The Congressional Budget Office (CBO) has released its budget and economic outlook report for fiscal years 2013 through 2023. Although the report predicts that projected spending cuts and tax increases will slow economic growth, the news is not all bad. For the first time in five years, the government’s deficit could drop below $1 trillion.

First, the good news: The CBO has projected the deficit for 2013 to be $845 billion, which is the smallest that it has been since 2008, and roughly half of what it was in 2009.

In addition, the economy is expected to grow by 1.4 percent. This will mean more jobs for college graduates and those skilled in high-demand occupations such as healthcare and finance.

The CBO also anticipates a 7.9 percent unemployment rate.

However, in spite of these factors, economic growth may still be stagnant in 2013.

For one reason, the 1.4 percent growth rate represents a decline from last year’s rate of 1.9 percent. In addition, if unemployment remains above 7.5 percent this year and in 2014, it will mark the first time in 70 years that the country has sustained a six-year jobless rate of at least 7.5 percent.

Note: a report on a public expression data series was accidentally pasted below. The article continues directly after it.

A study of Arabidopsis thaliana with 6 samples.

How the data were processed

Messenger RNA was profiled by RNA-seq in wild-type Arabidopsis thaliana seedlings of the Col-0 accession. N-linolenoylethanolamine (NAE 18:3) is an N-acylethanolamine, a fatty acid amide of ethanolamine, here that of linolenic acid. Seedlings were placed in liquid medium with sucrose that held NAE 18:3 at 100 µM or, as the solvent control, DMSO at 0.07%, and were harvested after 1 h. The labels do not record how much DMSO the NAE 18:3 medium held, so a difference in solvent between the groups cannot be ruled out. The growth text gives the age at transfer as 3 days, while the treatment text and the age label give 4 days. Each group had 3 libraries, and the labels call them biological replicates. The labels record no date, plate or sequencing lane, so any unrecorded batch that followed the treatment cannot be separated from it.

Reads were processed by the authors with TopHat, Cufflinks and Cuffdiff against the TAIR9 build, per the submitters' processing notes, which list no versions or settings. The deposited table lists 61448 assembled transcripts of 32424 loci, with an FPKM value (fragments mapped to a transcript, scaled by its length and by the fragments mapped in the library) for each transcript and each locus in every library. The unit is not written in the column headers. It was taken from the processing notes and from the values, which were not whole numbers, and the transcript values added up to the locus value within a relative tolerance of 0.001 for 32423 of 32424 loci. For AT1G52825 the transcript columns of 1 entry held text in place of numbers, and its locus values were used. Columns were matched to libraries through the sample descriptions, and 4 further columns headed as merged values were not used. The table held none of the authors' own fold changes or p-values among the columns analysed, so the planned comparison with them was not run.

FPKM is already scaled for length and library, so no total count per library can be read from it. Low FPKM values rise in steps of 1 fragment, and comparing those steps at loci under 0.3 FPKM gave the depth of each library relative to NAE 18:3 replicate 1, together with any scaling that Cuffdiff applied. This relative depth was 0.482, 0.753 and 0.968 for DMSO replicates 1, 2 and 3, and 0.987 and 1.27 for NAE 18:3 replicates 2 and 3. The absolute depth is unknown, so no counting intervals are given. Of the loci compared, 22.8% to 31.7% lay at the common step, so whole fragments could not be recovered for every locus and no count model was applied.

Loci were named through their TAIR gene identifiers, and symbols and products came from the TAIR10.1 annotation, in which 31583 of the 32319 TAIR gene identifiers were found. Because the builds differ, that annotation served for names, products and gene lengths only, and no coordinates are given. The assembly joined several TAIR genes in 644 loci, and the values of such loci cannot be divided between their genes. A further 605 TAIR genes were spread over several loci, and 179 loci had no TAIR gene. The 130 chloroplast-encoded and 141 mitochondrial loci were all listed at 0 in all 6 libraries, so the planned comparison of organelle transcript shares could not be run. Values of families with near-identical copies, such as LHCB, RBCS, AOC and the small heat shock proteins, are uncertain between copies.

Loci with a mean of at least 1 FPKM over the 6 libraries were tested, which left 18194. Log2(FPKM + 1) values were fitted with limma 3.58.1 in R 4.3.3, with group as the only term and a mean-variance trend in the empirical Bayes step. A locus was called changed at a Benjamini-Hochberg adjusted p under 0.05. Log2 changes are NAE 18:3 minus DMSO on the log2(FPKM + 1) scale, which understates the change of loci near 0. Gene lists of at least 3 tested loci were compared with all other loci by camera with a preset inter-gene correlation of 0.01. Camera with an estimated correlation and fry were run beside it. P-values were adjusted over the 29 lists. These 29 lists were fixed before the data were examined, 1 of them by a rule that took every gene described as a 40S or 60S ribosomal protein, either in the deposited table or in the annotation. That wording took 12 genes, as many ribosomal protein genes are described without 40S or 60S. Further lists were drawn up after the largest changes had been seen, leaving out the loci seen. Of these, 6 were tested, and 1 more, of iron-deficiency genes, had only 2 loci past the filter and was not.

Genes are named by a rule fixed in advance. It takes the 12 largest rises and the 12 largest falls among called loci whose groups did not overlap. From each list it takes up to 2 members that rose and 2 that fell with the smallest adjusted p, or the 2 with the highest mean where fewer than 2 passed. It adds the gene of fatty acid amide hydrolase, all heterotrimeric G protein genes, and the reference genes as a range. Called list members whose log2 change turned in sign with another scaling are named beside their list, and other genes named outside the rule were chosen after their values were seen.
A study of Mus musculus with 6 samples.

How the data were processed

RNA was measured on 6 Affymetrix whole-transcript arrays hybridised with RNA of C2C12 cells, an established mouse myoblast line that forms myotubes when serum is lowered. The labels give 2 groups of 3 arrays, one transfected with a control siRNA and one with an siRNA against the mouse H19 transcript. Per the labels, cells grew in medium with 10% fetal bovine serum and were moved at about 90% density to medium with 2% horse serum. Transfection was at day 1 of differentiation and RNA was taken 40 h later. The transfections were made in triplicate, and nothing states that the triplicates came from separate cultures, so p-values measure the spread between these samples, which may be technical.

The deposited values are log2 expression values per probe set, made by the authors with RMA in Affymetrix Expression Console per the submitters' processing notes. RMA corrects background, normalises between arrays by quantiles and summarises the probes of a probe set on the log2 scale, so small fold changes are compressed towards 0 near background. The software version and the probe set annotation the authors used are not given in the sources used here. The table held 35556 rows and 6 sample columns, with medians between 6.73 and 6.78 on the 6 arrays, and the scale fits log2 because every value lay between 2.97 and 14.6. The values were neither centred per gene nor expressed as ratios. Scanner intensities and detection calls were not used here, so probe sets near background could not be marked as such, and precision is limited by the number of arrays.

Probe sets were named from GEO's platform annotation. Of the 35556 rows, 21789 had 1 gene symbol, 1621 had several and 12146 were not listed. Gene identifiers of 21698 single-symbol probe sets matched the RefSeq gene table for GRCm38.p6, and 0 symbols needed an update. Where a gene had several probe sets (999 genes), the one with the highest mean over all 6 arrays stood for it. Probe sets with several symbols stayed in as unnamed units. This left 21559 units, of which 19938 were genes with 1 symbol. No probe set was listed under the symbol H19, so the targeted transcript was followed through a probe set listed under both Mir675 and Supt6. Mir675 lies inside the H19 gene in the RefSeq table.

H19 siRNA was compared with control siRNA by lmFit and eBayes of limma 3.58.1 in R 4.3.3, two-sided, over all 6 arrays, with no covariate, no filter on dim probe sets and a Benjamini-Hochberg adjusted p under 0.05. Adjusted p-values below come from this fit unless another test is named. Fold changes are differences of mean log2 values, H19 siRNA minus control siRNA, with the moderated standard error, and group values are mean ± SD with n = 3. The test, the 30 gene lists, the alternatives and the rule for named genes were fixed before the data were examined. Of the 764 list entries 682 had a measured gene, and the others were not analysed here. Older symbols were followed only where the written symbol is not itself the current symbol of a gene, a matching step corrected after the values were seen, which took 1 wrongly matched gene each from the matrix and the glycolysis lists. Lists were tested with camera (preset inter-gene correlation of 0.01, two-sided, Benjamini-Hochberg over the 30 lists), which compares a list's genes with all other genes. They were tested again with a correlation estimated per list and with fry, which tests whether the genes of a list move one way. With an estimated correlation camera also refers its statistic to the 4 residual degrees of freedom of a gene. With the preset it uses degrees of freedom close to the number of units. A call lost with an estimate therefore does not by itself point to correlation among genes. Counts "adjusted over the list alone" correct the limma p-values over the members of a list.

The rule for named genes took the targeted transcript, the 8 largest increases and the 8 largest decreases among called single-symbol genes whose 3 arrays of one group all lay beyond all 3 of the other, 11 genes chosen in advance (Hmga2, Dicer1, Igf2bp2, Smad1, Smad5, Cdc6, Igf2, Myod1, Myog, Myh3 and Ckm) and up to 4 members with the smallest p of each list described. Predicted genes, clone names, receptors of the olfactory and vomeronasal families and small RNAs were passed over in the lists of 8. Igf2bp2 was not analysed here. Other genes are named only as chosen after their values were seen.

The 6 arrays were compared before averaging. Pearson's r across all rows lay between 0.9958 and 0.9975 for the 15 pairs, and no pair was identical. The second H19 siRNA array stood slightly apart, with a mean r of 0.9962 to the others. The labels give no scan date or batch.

The payroll tax cut expiration and the implementation of higher tax rates for the country’s wealthy citizens is also expected to contribute to the slow growth rate.

There is also uncertainty regarding many budget issues that are in limbo. For example, the CBO’s projections are based on an 8 percent reduction in defense budget spending and a 5 to 6 percent reduction in non-defense spending. However, if these spending cuts are cancelled or replaced with other measures, the deficit could increase beyond the office’s projections.

Another factor to consider is that federal agencies are currently operating under the Continuing Appropriations Resolution 2013, which is set to expire at the end of March. If no other appropriations are implemented at that time, this will also significantly affect the CBO’s projections.